Third-culture kids struggle with identity, search for community

Jennifer Errico

Jordan Blumberg can answer the question “Where are you from?” in more than three different ways. 

“I don’t have a good answer,” said Blumberg, an electrical engineering freshman. “No one understands that (I’ve) lived all over the world, just the same way that (I) don’t understand that they’ve lived in the same place for their entire lives.”

Blumberg was born in Maryland, claims Texan residency, has lived in England, Italy, Turkey and Thailand, and graduated high school from the International School of Beijing in China. 

Blumberg is a third-culture kid. 

A third-culture kid, or TCK, is a person who grows up in a culture different than their parents’, so the term “third culture” refers to their fused identity.

The TCK subgroup is so small, the demographic isn’t officially recognized by the Office of Admissions.

Some are labeled Texans, like Blumberg, though she had to petition for it after originally being labeled as out of state. Others may be labeled international students or even out-of-state students, depending on their citizenship status. 

Reem Ayoub, a psychology junior, is another TCK. Born in Maryland to Jordanian parents, she moved to Abu Dhabi at age eight and moved back to the United States and started at UT in 2017.

Ayoub said her reintegration into the U.S. was strange because of cultural differences. She also said she struggled with adapting to students’ “America-centered perspectives.”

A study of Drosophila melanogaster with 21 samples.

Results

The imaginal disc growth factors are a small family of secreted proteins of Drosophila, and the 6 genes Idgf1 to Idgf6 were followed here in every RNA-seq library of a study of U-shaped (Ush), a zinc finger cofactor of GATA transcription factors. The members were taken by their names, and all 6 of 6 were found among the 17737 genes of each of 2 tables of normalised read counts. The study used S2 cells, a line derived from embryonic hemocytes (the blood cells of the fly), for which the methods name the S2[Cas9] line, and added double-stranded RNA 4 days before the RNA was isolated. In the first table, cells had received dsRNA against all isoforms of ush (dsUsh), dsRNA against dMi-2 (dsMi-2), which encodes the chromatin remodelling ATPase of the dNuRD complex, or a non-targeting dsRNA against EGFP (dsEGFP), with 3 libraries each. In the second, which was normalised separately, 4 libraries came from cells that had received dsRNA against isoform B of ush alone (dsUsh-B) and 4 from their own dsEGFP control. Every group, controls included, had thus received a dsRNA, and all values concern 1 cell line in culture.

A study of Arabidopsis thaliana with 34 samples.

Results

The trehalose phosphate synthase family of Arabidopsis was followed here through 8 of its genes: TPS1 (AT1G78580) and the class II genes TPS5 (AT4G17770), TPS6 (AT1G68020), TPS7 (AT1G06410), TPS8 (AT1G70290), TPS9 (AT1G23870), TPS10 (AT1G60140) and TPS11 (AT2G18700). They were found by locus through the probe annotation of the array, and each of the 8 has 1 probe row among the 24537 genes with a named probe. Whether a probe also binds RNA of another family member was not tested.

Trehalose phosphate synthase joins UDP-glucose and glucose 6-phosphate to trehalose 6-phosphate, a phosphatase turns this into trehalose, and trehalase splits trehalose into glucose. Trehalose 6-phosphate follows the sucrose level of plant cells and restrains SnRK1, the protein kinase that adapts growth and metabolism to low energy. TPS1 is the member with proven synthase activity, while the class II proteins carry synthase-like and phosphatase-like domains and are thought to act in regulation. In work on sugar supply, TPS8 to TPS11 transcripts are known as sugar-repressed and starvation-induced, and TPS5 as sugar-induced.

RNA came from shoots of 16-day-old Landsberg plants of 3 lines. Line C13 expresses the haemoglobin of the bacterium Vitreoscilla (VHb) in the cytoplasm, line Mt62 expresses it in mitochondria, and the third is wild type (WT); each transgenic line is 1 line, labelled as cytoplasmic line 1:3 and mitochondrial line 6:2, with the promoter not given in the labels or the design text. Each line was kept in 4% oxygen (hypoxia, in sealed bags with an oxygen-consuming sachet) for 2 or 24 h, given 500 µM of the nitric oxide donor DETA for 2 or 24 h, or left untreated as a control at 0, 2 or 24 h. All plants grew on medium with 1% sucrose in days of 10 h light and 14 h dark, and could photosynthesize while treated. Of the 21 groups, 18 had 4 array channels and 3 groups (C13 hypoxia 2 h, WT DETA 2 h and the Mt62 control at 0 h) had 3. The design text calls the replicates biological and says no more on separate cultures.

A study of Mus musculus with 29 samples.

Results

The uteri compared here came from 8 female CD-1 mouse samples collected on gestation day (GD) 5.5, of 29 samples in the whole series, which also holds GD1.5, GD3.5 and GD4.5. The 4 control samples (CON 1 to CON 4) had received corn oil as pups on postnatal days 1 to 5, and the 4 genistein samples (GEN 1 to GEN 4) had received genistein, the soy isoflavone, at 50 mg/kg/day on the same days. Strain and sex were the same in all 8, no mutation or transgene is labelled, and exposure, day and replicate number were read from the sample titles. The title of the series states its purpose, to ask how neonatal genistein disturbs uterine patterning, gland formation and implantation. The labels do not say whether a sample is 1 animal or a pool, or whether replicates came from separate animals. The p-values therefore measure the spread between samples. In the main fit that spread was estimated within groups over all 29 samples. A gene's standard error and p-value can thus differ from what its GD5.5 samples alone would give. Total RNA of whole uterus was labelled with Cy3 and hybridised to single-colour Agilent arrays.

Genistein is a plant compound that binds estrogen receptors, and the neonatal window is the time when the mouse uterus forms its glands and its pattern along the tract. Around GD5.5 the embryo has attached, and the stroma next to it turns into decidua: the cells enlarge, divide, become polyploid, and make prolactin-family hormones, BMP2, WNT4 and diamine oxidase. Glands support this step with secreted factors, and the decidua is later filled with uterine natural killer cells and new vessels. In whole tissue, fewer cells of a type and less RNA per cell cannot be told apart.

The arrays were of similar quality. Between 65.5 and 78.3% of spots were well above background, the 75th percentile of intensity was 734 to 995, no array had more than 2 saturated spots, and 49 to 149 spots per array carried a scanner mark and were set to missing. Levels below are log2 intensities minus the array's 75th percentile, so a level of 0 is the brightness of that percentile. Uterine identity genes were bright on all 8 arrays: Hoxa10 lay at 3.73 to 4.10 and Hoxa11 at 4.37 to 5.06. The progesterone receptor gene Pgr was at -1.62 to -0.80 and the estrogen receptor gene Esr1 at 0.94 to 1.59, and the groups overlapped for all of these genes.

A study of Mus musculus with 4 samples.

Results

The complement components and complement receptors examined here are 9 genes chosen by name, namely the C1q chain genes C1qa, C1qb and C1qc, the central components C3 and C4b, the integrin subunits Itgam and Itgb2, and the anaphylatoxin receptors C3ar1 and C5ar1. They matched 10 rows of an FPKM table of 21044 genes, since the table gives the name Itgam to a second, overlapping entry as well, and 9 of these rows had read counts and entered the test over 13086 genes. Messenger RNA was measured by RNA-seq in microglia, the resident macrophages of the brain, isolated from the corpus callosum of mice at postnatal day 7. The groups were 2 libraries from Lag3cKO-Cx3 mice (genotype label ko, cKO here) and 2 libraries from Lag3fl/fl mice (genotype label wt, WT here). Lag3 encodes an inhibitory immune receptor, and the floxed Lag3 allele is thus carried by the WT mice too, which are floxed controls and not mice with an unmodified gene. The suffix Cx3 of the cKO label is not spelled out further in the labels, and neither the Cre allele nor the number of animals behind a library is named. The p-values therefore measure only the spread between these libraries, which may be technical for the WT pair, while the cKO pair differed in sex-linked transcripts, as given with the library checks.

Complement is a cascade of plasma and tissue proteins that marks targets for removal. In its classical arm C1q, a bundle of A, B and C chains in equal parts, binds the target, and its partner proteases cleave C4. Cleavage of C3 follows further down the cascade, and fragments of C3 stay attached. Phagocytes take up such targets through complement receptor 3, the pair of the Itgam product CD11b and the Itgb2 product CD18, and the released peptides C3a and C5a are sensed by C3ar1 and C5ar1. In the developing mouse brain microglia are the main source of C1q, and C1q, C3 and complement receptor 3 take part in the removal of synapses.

“At first, it was hard because I would get frustrated that people didn’t understand things the same way I did,” Ayoub said. 

Ayoub said adjusting to UT itself — a school rich in culture and legacy — was a difficult transition.  

“I did go to a school where we were so used to people coming and going that you never really got attached to the school,” Ayoub said. “It’s just really interesting to see that there’s so many generations that come back and are still drawn to the (UT) campus and traditions.”

Ayoub’s previous school, American Community School of Abu Dhabi, was an international school where she said she had peers from 60 different countries. She said that experience made her transition to UT, where 89.2% of the students are from Texas, more difficult.   

“I felt like people attempted to stick with their own people because all the minority groups that were here were just such a small part of the student body,” Ayoub said.  “That was really weird for me at first because I was used to just getting along with everyone, regardless of who they (were).”

Psychology sophomore Aayushi Sangani is a third-culture kid born in India, but she moved to Dubai at the age of one. She never lived in the U.S. until she came to UT.

In hopes of finding other TCKs with similar experiences, Ayoub and Sangani joined Planet Longhorn.

“I’ve met a lot of people (there) who are not only international, but also third-culture kids,” Sangani said.

While Ayoub said finding people to connect with helped improve her college experience, she still struggles with feeling like UT, or any one place, is her home.

“Living in neither Jordan or the U.S. (made me) kind of just feel really disconnected from both,” Ayoub said. “(Because) I never lived in Jordan, I never really felt connected to that part (of myself).”